Saturday, 6 September 2008

Rocknrolla - film review

Okay, so as a rule I don't have any interest in gangster movies. More-or-less by definition they revolve around unsympathetic characters, and Brit crime flicks offer a vision of this country that is rather less recognisable to me than, say, Balamory, and considerably less attractive.

But I went to see Rocknrolla because of Mr Butler of course. And it was fun. A rollicking ensemble piece; if it wasn't the wrong genre I'd describe it as a romp. See Gerry dance (More than a nod to Pulp Fiction in that scene)! See Gerry in the briefest sex scene ever committed to celluloid! Gangsters batter each other about like they were cartoon characters and threaten each other with crayfish.

The director Guy Ritchie has been accused (by his brother-in-law) of being the most rabidly homophobic bloke in showbiz, but it doesn't come across in this film. Actually there are quite a lot of lingering shots of fit, undressed male bodies. There is a plot that revolves around (terror of) homosexuality but it ends up really rather warm and touching. And jeez, if you're going to get a pity-fuck off anyone, why not start with Gerard Butler?

The movie is pretty violent of course, although any violence that would mar the comic tone is carefully kept offscreen. Death is reserved mostly for characters you have been led to believe to deserve it. Just don't go thinking about the slaughter and torture that's taking place when the camera turns away.

In fact don't think about it much at all; the plot revolves around a number of devices that are fairly preposterous: a "lucky" painting that exerts a powerful attraction over everyone who sees it: a small-time rockstar who fakes his death just to raise his sales: an accountant who is prepared to rip off her deadly dangerous boss twice simply out of pathological boredom: a Russian gangster/property tycoon (no resemblance to an actual Russian London-football-club-owning tycoon intended, my arse) whose idea of security is to transfer 7 million Euros across London via two unarmed banking clerks: a high-flying lawyer who is prepared to illegally reveal the identity of an important underworld grass simply on the chance of a screw with a two-bit piece of rough. In a world where beautiful women can easily (and literally) be bought, Thandie Newton as the Accountant manages to pull off the trick of being irresistable by simply smoking a lot, blinking rather than talking, and being coldly unavailable.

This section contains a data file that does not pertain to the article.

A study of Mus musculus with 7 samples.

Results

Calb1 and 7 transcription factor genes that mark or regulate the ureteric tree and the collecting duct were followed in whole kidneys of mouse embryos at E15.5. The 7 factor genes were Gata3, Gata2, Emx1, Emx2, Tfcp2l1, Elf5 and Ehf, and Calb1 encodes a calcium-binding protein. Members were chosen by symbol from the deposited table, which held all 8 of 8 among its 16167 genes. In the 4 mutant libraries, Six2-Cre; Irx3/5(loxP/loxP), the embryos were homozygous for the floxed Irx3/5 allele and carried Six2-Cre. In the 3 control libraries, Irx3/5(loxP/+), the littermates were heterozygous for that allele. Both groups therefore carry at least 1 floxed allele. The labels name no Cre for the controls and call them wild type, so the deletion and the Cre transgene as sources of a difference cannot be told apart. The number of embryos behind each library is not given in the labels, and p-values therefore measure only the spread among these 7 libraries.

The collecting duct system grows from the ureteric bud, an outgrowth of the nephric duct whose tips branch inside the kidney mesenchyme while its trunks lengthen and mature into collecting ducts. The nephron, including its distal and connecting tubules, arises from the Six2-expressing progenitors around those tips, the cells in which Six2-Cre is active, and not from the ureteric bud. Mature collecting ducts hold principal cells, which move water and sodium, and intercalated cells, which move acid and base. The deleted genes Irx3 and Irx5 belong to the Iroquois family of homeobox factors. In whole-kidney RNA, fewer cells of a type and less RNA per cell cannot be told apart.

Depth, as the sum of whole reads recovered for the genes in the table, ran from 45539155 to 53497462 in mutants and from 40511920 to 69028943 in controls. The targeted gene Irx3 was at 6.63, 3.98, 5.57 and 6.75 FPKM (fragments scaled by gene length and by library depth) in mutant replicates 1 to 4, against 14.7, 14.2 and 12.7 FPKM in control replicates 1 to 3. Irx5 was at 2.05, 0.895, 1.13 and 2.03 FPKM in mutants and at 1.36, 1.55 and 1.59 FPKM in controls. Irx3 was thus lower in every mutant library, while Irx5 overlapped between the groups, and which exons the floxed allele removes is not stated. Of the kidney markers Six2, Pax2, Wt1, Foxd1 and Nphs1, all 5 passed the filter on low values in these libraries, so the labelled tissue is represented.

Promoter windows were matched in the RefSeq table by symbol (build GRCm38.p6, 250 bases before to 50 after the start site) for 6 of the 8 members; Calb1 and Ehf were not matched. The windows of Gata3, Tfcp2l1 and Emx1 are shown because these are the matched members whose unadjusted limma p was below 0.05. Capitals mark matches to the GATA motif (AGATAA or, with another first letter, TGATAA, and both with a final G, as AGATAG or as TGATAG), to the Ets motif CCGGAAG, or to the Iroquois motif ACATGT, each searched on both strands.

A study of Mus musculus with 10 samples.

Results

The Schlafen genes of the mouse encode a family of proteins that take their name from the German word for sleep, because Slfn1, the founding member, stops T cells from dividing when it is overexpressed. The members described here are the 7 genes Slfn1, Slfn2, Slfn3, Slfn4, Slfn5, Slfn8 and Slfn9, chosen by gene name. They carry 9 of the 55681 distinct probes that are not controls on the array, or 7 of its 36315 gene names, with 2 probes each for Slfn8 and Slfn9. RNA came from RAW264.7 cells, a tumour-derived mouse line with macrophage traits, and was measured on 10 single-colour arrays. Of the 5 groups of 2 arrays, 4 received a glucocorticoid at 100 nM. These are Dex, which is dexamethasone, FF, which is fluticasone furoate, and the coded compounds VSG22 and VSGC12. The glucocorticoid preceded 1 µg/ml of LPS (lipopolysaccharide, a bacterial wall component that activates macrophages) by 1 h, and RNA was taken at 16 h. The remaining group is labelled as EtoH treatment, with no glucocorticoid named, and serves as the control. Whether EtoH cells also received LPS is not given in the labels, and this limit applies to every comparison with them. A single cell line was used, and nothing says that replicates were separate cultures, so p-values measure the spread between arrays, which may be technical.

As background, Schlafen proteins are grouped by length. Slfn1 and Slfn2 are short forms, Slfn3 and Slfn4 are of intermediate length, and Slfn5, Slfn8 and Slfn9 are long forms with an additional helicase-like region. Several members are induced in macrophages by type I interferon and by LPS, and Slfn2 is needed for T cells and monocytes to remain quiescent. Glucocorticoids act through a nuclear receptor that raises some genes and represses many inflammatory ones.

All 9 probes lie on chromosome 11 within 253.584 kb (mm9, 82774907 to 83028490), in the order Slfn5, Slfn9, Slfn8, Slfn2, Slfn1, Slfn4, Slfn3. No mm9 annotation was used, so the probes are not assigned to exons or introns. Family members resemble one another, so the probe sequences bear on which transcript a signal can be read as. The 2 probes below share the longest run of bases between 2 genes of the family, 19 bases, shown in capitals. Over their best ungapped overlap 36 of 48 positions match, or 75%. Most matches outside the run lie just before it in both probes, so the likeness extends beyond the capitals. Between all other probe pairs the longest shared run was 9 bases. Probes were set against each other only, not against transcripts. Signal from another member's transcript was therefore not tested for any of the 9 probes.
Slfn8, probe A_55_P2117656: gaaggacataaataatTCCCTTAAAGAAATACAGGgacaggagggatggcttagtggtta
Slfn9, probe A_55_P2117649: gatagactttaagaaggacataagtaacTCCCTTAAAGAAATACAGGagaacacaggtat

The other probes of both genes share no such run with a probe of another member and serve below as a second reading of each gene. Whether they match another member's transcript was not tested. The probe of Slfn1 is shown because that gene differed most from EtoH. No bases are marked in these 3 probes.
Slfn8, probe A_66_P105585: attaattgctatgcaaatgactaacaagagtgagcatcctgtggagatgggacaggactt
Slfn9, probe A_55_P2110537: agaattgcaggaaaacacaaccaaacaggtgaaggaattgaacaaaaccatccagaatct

On the plus side the characters are well-played (and the central Rocknrolla, a junkie rockstar played by Tobie Kebbel, is both charismatic and impressive). It's blackly funny, witty and has a great soundtrack. I enjoyed both Eastern Promises and In Bruges more, but I'd happily watch this again. And the promised sequels.